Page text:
Abatgul is a journalist and a tuberculosis (TB) patient advocate. On her blog, she's sharing entries from the diary that she kept during her treatment for drug resistant TB. Here, she writes about taking the medication, which can cause severe side-effects that range from nausea to deafness and psychosis.
When we feel sick we take drugs.
We hope the drugs will help.
We start feeling better.
Yet for me, it was difficult to take the drugs for my TB treatment.
One by one I put the drugs into my mouth, washing them down with juice or Kefir (a fermented milk drink popular in Uzbekistan).
One fire drives out another, and desperate diseases must have desperate cures
As soon as I took the first pill, its sour taste scattered all over my mouth. Unwittingly I uttered, “What a poisonous taste!”, puckering my face up.
Staring at the drugs, I asked them: “Why are you called a drug?"
I thought a lot about this. They are so sour and acidic, but they also look like fruit pips.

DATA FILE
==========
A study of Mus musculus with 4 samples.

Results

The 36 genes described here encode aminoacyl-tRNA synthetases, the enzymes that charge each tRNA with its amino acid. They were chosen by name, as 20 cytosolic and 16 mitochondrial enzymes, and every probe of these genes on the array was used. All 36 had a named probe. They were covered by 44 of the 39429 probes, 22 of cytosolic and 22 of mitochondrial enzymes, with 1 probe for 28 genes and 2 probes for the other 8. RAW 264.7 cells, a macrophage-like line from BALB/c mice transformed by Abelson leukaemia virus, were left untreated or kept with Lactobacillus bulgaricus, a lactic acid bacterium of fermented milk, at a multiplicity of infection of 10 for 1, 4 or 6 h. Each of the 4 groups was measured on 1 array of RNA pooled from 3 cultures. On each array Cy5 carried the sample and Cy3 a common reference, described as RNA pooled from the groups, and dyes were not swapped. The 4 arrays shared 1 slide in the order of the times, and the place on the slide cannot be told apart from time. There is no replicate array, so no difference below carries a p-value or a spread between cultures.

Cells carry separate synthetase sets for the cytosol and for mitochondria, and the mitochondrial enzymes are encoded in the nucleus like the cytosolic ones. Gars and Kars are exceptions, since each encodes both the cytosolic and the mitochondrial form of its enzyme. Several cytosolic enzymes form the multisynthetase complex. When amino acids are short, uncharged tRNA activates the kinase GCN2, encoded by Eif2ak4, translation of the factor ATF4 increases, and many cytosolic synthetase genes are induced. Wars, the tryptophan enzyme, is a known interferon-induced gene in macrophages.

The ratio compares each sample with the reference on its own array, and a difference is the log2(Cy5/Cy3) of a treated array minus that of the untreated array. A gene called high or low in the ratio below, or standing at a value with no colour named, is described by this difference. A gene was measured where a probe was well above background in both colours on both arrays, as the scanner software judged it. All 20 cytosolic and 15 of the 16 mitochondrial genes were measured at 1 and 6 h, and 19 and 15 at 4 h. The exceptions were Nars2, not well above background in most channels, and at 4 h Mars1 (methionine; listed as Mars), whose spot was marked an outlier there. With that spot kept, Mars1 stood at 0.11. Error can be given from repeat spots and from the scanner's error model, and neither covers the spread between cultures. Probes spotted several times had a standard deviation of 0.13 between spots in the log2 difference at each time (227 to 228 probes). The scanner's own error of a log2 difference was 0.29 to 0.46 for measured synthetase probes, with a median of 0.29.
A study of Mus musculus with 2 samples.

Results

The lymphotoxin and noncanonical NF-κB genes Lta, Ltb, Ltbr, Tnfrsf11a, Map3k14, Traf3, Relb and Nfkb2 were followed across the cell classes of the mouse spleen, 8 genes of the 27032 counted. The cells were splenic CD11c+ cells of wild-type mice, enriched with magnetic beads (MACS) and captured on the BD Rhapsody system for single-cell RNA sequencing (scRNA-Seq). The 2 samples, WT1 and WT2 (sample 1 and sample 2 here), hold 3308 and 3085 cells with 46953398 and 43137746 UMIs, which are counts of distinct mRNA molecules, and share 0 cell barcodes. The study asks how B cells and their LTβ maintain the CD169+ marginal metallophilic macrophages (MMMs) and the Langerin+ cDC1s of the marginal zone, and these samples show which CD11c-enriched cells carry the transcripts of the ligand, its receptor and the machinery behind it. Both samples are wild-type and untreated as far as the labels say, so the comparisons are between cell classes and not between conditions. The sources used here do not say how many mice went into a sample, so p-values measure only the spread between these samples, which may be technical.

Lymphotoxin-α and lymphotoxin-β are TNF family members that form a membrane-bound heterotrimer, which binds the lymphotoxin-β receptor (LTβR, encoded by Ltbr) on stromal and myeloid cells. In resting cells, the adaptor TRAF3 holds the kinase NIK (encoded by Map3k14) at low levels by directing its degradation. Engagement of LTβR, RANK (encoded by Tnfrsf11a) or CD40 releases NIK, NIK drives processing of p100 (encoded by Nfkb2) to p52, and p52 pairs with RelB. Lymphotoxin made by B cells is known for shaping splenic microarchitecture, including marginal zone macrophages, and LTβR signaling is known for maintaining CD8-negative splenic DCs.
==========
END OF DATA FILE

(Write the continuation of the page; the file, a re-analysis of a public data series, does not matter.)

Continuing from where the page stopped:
“I have to take you for two years, let’s become friends,” I said to the drugs.
“But you just said that we are sour like poison," the drugs replied. "How do you dare to offer your friendship?”
This made me feel ashamed. I answered: “One fire drives out another, and desperate diseases must have desperate cures.”
[Drugs] are my friends, that give me strength and life
I begged for help, squeezing them in my hands - eventually, my hopes for a better life gave me the courage to take all the drugs in one go.
Since that moment, I don’t take the drugs one by one. I take them all at once.
I also found an answer to my question: “Why a drug is called drug?”
It is because it is my friend that grants me the cure, strength and life.
I started calling them “Daribay, Darigul, Darijan” (Mr Drug, Ms Drug, and Drugee) and have continued talking to them ever since.